Here Are The Best Dungeons & Dragons Campaigns For Beginners
The versatility of Dungeons & Dragons (DnD) is what has made it a relevant board game since 1974. The fifth edition (5E) was released in 2014 with new campaigns for players to jump in on, and because there are so many adventures to choose from, starting on your own with your friends can be overwhelming.
First of all, you’ll need to learn the rules of the game and decide who will be the Dungeon Master (DM) and who will be the player. We’ve already explained how to play DnD 5E and how to create a character step-by-step. Only the DM can read the campaign book, though, since it contains all the story’s details.
Most campaigns require three to five players minimum to play smoothly, but if you can’t find a party that size, the DM can adapt the story to keep the campaign balanced by reducing the number of goblins in a cave or letting the players begin with a higher level, for example.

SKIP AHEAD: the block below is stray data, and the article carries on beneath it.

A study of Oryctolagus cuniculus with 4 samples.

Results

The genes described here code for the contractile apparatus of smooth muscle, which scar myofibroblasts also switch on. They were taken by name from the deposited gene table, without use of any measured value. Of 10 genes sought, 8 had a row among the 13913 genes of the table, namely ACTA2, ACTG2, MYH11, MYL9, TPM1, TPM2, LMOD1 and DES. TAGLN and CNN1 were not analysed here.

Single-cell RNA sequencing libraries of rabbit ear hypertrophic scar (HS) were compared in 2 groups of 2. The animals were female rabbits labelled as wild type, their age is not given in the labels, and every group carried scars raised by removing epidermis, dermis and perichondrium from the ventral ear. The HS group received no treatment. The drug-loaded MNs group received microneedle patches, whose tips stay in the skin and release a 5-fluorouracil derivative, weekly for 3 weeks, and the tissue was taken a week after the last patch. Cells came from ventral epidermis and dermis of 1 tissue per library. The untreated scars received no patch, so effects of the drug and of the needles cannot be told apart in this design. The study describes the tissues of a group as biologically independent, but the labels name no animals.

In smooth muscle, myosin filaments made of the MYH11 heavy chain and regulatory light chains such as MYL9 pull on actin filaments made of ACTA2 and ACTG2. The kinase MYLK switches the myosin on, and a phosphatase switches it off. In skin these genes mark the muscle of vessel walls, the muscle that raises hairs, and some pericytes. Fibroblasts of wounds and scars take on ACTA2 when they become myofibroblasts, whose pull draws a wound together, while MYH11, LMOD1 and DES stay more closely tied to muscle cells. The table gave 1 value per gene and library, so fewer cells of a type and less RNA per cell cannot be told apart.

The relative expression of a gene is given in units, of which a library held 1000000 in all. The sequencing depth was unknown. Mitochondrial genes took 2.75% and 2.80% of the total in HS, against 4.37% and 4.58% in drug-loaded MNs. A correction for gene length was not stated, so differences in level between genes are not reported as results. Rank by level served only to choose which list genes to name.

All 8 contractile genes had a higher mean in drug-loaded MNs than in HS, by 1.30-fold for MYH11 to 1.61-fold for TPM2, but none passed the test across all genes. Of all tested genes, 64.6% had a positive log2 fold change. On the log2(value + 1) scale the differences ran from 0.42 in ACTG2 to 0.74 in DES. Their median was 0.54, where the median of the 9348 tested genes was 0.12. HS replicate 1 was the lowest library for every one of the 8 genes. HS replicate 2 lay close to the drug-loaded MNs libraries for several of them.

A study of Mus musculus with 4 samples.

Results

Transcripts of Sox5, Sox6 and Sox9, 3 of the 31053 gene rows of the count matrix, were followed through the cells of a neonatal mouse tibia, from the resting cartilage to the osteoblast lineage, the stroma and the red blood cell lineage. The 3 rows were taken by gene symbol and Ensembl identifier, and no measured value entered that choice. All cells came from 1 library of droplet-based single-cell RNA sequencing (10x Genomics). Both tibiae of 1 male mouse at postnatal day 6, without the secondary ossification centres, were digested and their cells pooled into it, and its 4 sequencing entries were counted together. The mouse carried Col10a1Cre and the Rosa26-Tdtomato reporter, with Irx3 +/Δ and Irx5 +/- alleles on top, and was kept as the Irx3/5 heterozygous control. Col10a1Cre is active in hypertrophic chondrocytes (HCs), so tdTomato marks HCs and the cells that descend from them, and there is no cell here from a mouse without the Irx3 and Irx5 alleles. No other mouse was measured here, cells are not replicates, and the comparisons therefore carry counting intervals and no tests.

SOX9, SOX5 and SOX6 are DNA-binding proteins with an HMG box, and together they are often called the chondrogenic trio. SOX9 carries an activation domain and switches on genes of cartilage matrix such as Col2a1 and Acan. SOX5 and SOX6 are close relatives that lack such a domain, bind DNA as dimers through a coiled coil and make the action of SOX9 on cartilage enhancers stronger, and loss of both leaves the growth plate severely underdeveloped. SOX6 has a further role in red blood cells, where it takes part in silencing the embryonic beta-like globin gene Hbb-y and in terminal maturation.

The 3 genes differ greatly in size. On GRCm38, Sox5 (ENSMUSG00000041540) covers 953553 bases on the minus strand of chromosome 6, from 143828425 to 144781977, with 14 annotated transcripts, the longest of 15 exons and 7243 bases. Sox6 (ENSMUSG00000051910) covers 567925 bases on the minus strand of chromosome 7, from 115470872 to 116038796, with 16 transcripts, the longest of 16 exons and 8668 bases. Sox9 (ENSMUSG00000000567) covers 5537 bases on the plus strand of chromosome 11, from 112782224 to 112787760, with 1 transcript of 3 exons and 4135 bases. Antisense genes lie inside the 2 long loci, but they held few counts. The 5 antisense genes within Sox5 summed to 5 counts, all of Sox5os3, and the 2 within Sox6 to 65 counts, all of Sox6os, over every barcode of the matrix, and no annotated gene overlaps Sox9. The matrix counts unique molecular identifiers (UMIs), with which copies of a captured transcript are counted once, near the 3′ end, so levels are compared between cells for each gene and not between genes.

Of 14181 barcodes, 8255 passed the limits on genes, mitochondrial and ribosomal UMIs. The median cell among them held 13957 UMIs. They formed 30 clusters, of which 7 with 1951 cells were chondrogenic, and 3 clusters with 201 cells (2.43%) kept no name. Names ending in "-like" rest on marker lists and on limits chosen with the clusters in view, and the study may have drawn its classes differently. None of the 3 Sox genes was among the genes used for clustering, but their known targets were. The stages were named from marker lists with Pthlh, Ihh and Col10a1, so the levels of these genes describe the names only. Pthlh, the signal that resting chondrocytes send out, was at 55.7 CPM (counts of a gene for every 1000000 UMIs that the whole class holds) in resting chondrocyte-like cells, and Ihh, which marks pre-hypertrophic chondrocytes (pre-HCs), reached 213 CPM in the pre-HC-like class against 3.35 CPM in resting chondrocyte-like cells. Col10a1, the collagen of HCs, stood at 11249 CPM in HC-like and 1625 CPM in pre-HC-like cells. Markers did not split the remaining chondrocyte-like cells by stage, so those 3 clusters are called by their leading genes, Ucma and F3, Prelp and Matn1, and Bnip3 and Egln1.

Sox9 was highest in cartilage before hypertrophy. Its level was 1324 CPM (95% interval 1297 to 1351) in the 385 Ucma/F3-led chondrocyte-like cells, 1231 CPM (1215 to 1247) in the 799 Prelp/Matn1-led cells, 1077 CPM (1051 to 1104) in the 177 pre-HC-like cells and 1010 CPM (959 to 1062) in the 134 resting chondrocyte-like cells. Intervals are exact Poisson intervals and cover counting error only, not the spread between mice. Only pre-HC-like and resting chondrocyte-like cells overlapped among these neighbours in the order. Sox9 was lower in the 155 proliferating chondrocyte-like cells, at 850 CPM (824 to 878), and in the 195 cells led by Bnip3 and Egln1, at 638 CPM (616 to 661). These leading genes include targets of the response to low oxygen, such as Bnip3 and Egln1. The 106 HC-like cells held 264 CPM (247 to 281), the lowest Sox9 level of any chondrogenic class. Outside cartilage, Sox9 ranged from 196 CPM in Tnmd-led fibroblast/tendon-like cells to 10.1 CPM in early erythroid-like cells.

You can play DnD 5E one-on-one even though the game was designed to be played with a group. They are called DnD Duets and the DM can play along by controlling an NPC. The player can also have a sidekick or just roll with one hero in the story and adapt along the way.
Here are the best DnD campaigns to play if you’re just starting out.
The greatest aspect is that the book helps the DM by treating them like it’s their first campaign. There is a brief explanation of their role in the story, how to read the book, and it presents possible scenarios that the players might face and how to react to them as a DM.
The story will be a great first experience for players as well, as it contains some RPG classics like fighting goblins, exploring dungeons with secret doors, a dragon, and uncovering a mystery. It’s a great way to get to know the dynamics of DnD, the Forgotten Realms setting, and understanding the rhythm of a campaign.
The Waterdeep: Dragon Heist has nine parts and was made for three to five players, taking them from level one to at least five. The party will participate in a treasure hunt and will be caught in the conflict between two power groups from the city.
The book won’t hold the DM’s hand through the story like Lost Mine of Phandelver, as it focuses much more on the characters’ and villains’ backgrounds and the adventure’s settings than teaching how to play. The story offers more customization by allowing the DM to choose the main villain of the campaign and the season in which the adventure occurs.